On December 7, 1941, the Japanese navy bombed Pearl Harbor; the next day President Franklin Delano Roosevelt declared war on the empire of Japan. That "date which will live in infamy" for the Japanese militarists became "years of infamy" for the United States government with the incarceration of Japanese Americans, over two-thirds of whom were U.S. citizens.
Fearing that Japanese Americans were a threat to the western United States, FDR, in February of 1942, signed Executive Order 9066, creating "restricted military areas" and providing for the evacuation and imprisonment for the duration of World War II all persons of Japanese ancestry living on the Pacific Coast. [click to view Evacuation Proclamation] In doing so the President permitted the military, in the name of national defense, to circumvent constitutional safeguards of American citizens. (At that time 127,000 Japanese Americans were living in the United States, 93,000 in California and 19,000 in Washington and Oregon.) Eventually nearly 120,000 Japanese resident aliens and American citizens of Japanese descent were interned in ten detention camps in the West and South.
Until after World War II the generation of Japanese who immigrated to the U.S. (Issei) were prevented by American law from becoming citizens, but the children born in the U.S. were citizens by birth; those children-Nisei (second generation, such as Lawson Inada's parents) and Sansei (third generation, such as Lawson Inada)-were entitled to the full protection of U.S. law. However, in 1942 they were rounded up without accusation, legal counsel or trial, placed in assembly centers near their homes, then shipped to relocation camps. There are many bitter ironies in this history, including the U.S. government's inability to prove that even one Japanese American engaged in spying or sabotage, the professed reason for Japanese Americans' removal.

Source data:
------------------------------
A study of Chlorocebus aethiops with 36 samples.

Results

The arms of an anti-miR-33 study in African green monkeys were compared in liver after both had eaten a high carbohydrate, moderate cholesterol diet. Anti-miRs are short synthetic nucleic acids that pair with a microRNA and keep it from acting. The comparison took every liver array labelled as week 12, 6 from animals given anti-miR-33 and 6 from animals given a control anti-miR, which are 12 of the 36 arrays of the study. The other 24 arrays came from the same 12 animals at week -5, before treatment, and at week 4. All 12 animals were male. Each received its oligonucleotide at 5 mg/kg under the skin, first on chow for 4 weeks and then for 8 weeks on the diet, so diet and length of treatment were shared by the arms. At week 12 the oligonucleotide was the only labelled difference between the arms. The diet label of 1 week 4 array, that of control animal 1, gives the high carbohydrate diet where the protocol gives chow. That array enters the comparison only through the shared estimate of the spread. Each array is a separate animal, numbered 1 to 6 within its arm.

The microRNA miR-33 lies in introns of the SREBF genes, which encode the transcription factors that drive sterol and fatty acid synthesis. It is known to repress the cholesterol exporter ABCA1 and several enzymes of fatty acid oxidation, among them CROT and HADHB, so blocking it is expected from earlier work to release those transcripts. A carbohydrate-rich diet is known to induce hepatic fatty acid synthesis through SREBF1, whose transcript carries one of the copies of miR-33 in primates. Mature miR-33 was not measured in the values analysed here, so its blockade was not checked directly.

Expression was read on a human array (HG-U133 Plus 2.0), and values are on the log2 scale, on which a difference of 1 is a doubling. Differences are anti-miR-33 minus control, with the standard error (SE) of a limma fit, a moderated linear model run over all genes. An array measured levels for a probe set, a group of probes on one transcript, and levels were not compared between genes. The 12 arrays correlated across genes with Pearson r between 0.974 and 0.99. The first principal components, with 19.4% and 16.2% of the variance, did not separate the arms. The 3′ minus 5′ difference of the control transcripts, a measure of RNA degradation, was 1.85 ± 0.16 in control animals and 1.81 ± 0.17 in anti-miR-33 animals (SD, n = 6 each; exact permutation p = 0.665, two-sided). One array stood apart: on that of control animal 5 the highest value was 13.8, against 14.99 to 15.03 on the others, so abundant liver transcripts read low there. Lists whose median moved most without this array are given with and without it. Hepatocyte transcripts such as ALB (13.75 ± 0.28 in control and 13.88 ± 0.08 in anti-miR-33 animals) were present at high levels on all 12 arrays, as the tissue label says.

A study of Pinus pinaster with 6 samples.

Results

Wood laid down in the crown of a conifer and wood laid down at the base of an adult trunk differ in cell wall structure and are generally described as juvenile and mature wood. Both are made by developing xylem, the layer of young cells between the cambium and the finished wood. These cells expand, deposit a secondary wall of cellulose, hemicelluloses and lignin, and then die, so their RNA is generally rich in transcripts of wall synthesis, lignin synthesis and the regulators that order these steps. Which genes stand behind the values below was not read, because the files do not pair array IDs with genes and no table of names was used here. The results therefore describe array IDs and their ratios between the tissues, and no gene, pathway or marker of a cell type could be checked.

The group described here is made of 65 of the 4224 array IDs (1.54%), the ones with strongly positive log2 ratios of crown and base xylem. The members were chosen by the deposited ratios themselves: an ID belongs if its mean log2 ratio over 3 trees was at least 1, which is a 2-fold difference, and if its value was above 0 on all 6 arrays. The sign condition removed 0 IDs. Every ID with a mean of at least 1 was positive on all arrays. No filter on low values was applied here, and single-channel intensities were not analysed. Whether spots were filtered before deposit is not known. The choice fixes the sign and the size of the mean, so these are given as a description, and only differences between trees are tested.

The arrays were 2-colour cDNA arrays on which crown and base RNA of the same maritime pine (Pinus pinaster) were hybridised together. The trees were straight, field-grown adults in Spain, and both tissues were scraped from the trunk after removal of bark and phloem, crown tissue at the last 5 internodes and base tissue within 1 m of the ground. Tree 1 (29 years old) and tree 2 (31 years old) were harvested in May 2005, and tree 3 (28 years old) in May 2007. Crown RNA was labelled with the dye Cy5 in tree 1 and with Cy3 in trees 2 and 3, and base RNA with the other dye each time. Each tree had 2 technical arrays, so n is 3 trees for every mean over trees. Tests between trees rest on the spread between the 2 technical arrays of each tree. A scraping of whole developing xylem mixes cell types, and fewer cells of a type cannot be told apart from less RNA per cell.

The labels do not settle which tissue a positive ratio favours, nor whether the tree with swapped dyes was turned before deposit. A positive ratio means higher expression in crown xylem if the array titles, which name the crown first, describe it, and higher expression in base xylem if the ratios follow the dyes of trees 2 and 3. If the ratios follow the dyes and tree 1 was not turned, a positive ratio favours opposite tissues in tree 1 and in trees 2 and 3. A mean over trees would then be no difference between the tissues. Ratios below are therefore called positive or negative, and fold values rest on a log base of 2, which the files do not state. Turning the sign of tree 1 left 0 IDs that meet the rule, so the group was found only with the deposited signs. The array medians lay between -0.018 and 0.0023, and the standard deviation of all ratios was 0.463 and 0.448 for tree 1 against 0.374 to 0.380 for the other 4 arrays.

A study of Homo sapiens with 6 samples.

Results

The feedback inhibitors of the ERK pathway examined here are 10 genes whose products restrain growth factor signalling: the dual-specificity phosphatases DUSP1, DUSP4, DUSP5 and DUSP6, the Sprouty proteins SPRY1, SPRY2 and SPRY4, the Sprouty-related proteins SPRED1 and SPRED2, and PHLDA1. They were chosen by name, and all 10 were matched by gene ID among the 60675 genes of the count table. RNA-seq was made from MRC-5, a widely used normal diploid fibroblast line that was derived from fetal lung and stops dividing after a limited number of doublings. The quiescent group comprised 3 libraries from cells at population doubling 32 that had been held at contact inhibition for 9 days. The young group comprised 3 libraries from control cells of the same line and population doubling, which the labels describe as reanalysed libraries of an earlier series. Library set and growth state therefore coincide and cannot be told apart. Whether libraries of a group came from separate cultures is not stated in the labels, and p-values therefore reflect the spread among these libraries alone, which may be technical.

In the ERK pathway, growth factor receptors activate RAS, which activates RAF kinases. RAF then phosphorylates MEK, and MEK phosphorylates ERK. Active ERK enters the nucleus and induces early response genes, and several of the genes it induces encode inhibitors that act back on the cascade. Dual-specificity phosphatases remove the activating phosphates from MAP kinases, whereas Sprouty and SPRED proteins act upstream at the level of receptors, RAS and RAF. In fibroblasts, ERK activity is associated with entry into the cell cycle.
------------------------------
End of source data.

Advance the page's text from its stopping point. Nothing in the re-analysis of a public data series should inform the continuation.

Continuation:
In the 1850's laws were instituted restricting the rights of Chinese who came to the U.S. to work in gold mines and to build railroads. They couldn't become naturalized citizens, engage in businesses that required licenses, or attend local schools. When the U.S. halted Chinese immigration, Japanese were encouraged to come as cheap labor. The Issei were prevented from becoming citizens and, eventually from owning land. Even so, they became successful farmers, leasing and cultivating areas neglected by whites. (Adult Nisei, as citizens, could own land.) Japanese Americans' success led to resentment. As Lawson Inada has said in an interview, "The camps didn't just happen. Things were going on way before that on the West Coast. There had been anti-Asian legislation out here for almost a hundred years. The whites needed the Chinese and Japanese as laborers and farmers, but they never wanted us to stay. We didn't look like Americans, and many people were waiting to get their hands on our property, which we had to sell quickly and cheaply when we were sent off to the camps." Although evacuation orders referred to "enemy aliens" in general, including Germans and Italians, it was Japanese Americans who were targeted.
Finally, in 1976, President Gerald Ford rescinded Executive Order 9066 saying, "An honest reckoning must include a recognition of our national mistakes as well as our national achievements. Learning from our mistakes is not pleasant, but as a great philosopher once admonished, we must do so if we want to avoid repeating them." In 1987, the U.S. Supreme Court declared Japanese American internment unconstitutional, terming it "one of the worst violations of civil liberties in American history."
Material for this section is taken primarily from Years of Infamy, the Preface to only what they could carry, and the Historical Note, a succinct and clear historical summary, at the end of The Journal of Ben Uchida.